John's talked about watching the stock shows, and I have to admit that I do occasionally catch them myself, but far less frequently than he does, mostly because I find them bizarrely contradictory and less than useful. The same set of conditions can be characterized as being the precipice of a recession, the warning of a deep depression or positive signs of growth, depending on which talking head is looking at it.
What I know of the economy is both informed by friends in the financial industry and just common sense of looking at the circumstances of people all around me. And what it's telling me is that things just aren't looking good for most Americans.
I just came across a study that confirms that gut feeling and then some. Demos and IASP/Brandeis have released a study that shows that the middle class is hanging by a thread. Some of their findings ( full .pdf here):
Overall Economic Security
* Only 31 percent of middle-income families match our profile for being securely middle class. That is, despite falling into the broad range that defines middle-class "income," fewer than one in three families has the necessary combination of other factors to ensure middle-class security.
* Our Index results vary by race. Thirty-four percent of white middle-income families are securely in the middle class, as compared to 26 percent of African-American middle-income families and only 18 percent of Latino middle-income families.
* One in four middle-class families matches our profile for being at high risk of slipping out of the middle class altogether.
* One in five (21 percent) white families is at high risk for slipping out of the middle class, as compared to one in three (33 percent) African-American headed households and an alarming two in five (41 percent) Latino families.
Lack of Assets
* More than half of middle-class families have no net financial assets whatsoever-that is, no financial assets or debt levels that exceed their assets.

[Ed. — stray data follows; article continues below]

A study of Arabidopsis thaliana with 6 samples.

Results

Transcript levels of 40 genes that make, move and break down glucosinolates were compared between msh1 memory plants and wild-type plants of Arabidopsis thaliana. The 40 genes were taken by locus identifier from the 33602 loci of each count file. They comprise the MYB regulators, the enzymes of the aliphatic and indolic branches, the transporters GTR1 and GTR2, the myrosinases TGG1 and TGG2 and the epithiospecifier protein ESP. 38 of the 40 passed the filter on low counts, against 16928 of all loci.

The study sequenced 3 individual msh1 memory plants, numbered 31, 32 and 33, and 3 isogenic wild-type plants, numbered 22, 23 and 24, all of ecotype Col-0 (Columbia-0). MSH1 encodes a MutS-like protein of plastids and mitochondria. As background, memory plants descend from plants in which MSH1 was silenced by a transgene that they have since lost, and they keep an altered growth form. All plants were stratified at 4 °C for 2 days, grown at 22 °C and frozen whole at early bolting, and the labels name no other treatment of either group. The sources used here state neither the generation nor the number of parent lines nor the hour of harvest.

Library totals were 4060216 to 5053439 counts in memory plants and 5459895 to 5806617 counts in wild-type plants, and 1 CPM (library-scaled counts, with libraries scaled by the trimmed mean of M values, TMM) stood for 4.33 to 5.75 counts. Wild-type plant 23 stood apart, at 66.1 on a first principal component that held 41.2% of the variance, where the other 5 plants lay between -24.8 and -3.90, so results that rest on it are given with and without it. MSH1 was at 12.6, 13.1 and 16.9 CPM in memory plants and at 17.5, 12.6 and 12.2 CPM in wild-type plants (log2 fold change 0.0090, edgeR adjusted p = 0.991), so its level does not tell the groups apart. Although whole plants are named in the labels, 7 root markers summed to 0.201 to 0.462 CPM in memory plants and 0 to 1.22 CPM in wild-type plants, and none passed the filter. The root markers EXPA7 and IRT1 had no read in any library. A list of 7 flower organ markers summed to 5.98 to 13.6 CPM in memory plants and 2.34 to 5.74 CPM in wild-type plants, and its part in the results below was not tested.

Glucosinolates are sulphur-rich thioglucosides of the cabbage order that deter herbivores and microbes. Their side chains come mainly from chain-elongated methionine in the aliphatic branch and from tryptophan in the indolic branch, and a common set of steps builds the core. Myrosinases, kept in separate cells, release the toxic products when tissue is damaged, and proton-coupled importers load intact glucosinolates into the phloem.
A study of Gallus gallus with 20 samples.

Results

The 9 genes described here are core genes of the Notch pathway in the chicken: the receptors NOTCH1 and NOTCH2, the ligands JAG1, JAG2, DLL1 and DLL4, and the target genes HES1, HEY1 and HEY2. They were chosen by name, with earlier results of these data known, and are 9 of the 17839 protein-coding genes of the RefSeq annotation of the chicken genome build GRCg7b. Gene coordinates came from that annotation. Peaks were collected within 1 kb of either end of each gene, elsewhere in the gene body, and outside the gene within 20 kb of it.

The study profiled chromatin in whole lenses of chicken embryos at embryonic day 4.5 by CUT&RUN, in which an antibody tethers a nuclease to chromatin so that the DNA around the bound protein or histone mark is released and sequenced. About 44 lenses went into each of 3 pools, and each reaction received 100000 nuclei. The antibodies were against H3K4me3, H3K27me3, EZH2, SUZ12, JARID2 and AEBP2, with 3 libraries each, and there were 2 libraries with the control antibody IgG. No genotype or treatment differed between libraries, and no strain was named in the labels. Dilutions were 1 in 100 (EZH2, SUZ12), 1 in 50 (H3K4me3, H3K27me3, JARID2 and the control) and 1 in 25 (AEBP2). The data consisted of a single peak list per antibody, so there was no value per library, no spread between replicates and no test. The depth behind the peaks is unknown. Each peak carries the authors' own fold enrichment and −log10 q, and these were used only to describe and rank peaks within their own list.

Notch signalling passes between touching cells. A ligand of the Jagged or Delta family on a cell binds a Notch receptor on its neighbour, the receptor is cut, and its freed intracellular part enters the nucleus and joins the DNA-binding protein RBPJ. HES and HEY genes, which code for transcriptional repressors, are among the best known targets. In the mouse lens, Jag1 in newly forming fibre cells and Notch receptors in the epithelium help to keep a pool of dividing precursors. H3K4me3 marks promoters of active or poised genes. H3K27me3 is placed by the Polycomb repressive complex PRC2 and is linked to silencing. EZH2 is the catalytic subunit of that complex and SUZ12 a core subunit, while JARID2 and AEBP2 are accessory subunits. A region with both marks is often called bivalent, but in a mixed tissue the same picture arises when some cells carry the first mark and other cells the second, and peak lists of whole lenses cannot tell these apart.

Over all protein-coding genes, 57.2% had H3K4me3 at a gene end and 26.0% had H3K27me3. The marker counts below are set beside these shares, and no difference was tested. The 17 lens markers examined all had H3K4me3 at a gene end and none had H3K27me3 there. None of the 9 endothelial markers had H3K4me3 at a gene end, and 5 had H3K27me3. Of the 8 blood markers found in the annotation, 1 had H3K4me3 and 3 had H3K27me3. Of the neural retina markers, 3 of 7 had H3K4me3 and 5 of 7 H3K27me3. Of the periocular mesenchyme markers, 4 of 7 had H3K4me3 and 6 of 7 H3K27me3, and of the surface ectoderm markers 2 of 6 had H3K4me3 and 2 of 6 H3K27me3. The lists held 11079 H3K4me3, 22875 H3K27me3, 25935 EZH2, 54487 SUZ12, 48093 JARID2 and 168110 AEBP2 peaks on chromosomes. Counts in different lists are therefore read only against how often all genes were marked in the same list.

* Only 13 percent of middle-class families have sufficient assets to meet three-quarters of their essential living expenses for nine months, should their source of income disappear.
* About four out of five middle-class families do not have sufficient assets to cover three quarters of essential living expenses for even three months should their source of income disappear. We defined essential living expenses as food, housing, clothing, transportation, health care, personal care, education, personal insurance and pensions.
* Middle-class families have a median debt of $3,500 and median net assets of $0.
Insufficient Income to Meet Living Expenses, Cover Housing Costs, and Buy Healthcare
* Twenty-one percent of middle-class families have less than $100 per week ($5,000 per year) remaining after meeting essential living expenses. These families are living from paycheck to paycheck with very little margin of security.
* In nearly one out of four middle-class families (23 percent), at least one family member lacks health insurance of any kind.
* Twenty-eight percent of middle-class families spend 30 percent or more of their income on housing expenses, putting them above federal guidelines for housing affordability.
For me personally, THESE are the real issues that the presidential candidates need to address, not diamonds or pearls or whether the top 1% should have their tax cuts made permanent. This kind of disparity and insecurity for the vast majority of Americans should be considered an abomination in the last remaining superpower.